Lotus: Next Generation Collaboration Strategy FAQ, in: Notes.net, NFR6 Welcome Pages, IBM, Westford 2002.

THEMES: Lotus\Strategies
YEAR: 2002

LABEL: NextGen
PLACES: Westford
TIME: 2002

Why are you moving to solutions-based modular services for collaboration?
Two reasons: The electronic collaboration market has reached a pivotal point where the convergence of a number of open standards such as Web services and J2EE are now mature enough and prevalent enough for us to rely upon as a foundation for collaboration. Secondly, componentization of our collaborative capabilities will make it easier to integrate our products with each other and with third party e-business applications, opening the door to a new class of collaborative applications that can be offered to the market.

By J2EE, don't you really mean WebSphere?

As part of IBM Software Group, our priority will be to use WebSphere Application Server. However one of the benefits of open standards is flexibility to use alternatives that support the same standards.

What if I don't have J2EE and have no plans for it?

Customers don't have to move to J2EE. Domino will continue to provide a complete runtime environment for collaborative applications so customers who are not yet ready to implement J2EE can buy Domino. In some cases, the J2EE environment is provided as part of the solution, such as with the WebSphere Portal Family.

What is the future of Domino?

This new strategy has a positive impact on Domino. Domino 6 is currently scheduled to ship in Q3 2002 and it will improve to our customers' collaborative infrastructure for messaging, calendaring, and collaborative applications just as previous releases have. What Lotus is introducing is an alternative model for building collaborative applications in addition to Domino, and which will work with Domino, adding value to existing and new Domino installations. This gives customers new options for architecting solutions for their Web applications that require high degrees of application integration; need to run distributed across a network or inside/outside of a firewall; and need to take advantage of other attributes provided by the J2EE environment. IBM is committed to continuing the Domino product line in order to offer choice, to protect customers' investments and to advance the leadership position of the Notes client family.

When do I build applications on the new model and when do I build on Domino?

In many cases, the choice will be to use both Domino and the new model. Domino functionality has long been accessible to Java and J2EE applications, and now XML-based applications, and the combination is a powerful one. We have been talking about this combination since the introduction of R5 some three years ago. Note that the existing servlet engine which ships in Domino R5 will be carried forward for Domino 6.

What skills will developers need to use the new collaborative services?

Domino developers interested in preparing for the future should learn about J2EE and Web services. Specific areas of focus should include Java Server Pages (JSPs), SOAP, WSDL, Java, and XML. These open standards skills provide the additional benefits of being highly marketable and can be applied to many software platforms, including existing Domino applications when they need to be extended.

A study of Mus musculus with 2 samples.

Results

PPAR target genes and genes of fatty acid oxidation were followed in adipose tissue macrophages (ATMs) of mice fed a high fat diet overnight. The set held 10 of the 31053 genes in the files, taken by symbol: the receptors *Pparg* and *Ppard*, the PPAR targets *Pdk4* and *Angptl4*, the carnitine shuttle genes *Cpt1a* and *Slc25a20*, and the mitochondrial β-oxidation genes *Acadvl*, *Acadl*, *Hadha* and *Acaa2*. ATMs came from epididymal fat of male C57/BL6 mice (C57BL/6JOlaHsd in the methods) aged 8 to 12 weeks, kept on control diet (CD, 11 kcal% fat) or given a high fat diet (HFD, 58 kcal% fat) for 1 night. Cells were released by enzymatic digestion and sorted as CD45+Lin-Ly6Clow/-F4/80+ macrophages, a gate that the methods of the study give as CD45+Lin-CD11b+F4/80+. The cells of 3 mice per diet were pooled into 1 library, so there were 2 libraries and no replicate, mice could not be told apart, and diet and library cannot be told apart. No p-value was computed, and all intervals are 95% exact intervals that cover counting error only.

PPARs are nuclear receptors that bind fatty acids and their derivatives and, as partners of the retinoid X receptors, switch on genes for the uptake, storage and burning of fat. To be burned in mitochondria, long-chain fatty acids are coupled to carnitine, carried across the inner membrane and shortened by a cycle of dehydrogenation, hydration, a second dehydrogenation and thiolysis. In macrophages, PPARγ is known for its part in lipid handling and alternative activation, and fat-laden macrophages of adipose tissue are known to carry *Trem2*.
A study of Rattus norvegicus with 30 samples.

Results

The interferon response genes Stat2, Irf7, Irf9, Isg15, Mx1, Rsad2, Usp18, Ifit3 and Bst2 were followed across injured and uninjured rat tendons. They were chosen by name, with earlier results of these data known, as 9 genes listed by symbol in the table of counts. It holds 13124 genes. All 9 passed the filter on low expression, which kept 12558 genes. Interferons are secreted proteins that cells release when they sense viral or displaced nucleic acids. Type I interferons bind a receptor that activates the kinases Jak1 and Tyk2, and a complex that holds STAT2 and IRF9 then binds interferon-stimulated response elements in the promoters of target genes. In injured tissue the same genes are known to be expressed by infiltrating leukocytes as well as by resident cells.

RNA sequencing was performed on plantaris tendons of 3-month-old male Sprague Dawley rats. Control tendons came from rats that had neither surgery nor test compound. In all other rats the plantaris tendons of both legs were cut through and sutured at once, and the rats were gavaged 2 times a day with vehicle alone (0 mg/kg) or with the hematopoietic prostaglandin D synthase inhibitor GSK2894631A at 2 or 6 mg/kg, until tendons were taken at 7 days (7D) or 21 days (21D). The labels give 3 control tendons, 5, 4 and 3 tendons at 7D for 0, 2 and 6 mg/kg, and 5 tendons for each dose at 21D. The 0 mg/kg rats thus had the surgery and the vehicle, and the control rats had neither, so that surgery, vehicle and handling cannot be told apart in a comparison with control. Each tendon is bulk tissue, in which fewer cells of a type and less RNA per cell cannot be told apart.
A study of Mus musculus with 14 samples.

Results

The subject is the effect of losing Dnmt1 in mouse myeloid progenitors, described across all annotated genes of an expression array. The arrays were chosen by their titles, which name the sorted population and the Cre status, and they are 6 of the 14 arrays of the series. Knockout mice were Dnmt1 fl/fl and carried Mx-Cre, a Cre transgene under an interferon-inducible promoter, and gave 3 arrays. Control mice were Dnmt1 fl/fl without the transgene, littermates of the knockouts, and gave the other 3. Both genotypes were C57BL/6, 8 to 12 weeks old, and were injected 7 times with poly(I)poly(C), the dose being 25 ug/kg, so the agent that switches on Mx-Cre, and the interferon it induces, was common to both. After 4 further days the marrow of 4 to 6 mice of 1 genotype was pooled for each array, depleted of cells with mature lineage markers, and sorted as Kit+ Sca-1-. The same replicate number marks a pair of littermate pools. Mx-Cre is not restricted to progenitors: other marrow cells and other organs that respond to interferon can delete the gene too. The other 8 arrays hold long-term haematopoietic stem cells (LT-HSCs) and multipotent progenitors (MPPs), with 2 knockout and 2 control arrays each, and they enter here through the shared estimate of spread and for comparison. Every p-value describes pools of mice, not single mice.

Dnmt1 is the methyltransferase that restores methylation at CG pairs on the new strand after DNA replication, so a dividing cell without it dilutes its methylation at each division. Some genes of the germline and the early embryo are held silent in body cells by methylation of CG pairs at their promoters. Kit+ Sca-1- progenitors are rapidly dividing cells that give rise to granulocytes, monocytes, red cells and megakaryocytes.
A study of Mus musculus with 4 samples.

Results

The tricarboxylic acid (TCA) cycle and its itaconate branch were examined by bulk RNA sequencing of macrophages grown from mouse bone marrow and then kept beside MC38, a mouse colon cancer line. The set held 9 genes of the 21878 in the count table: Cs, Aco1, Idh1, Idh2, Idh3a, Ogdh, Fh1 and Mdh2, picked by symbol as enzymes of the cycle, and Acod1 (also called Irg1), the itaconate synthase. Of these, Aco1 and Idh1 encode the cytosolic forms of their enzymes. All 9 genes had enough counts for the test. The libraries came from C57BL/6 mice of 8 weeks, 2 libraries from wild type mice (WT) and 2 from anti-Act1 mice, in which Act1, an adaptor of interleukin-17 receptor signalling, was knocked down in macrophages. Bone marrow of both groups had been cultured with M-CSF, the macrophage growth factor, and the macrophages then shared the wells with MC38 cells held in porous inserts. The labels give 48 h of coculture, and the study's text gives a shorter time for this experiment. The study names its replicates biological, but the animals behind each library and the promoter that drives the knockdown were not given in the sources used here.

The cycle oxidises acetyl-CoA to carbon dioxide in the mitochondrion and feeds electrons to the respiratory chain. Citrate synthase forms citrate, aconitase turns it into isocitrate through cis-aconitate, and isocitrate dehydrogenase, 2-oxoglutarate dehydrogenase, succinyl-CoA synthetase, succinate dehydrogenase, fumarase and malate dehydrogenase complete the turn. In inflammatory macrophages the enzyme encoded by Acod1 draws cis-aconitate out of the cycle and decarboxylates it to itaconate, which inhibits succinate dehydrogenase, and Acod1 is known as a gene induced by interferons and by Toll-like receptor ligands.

Al Zollar mentioned a new rapid application development (RAD) environment for building collaborative applications with Web services. What is that?

Al was referring to the fact that the Domino developer community is accustomed to a visual, rapid application development environment provided by Domino Designer. To appeal to the Domino developer community and to give Microsoft Visual Basic programmers a path to J2EE, Lotus software recognizes that it is uniquely qualified to build a development environment for J2EE.

What is the future of Domino Designer?
RAD is the foundation on which powerful collaboration applications are often built. RAD tools are IDE’s (Integrated Development Environment) allowing developers to easily and rapidly create powerful e-business applications using form and model-driven design, enabling customers to meet fast changing business and technology requirements. The success of Notes and Domino is largely due to the fact that non-programmers can build applications whose core value isn’t going to change as the product evolves.

Domino Designer is a premier Rapid Application Development and Deployment environment for collaborative applications and will evolve alongside Domino. Lotus Software customers and business partners have been developing hundreds of thousands of applications using Domino Designer and will continue to do so in the future. We have a long list of features and usability improvements our users have been requesting we will implement accordingly after Domino Designer 6 ships. At the same time, Lotus Software is looking into better integrating application development tools in a J2EE environment, leveraging the WebSphere Studio Workbench platform. Domino Designer is part of this strategy.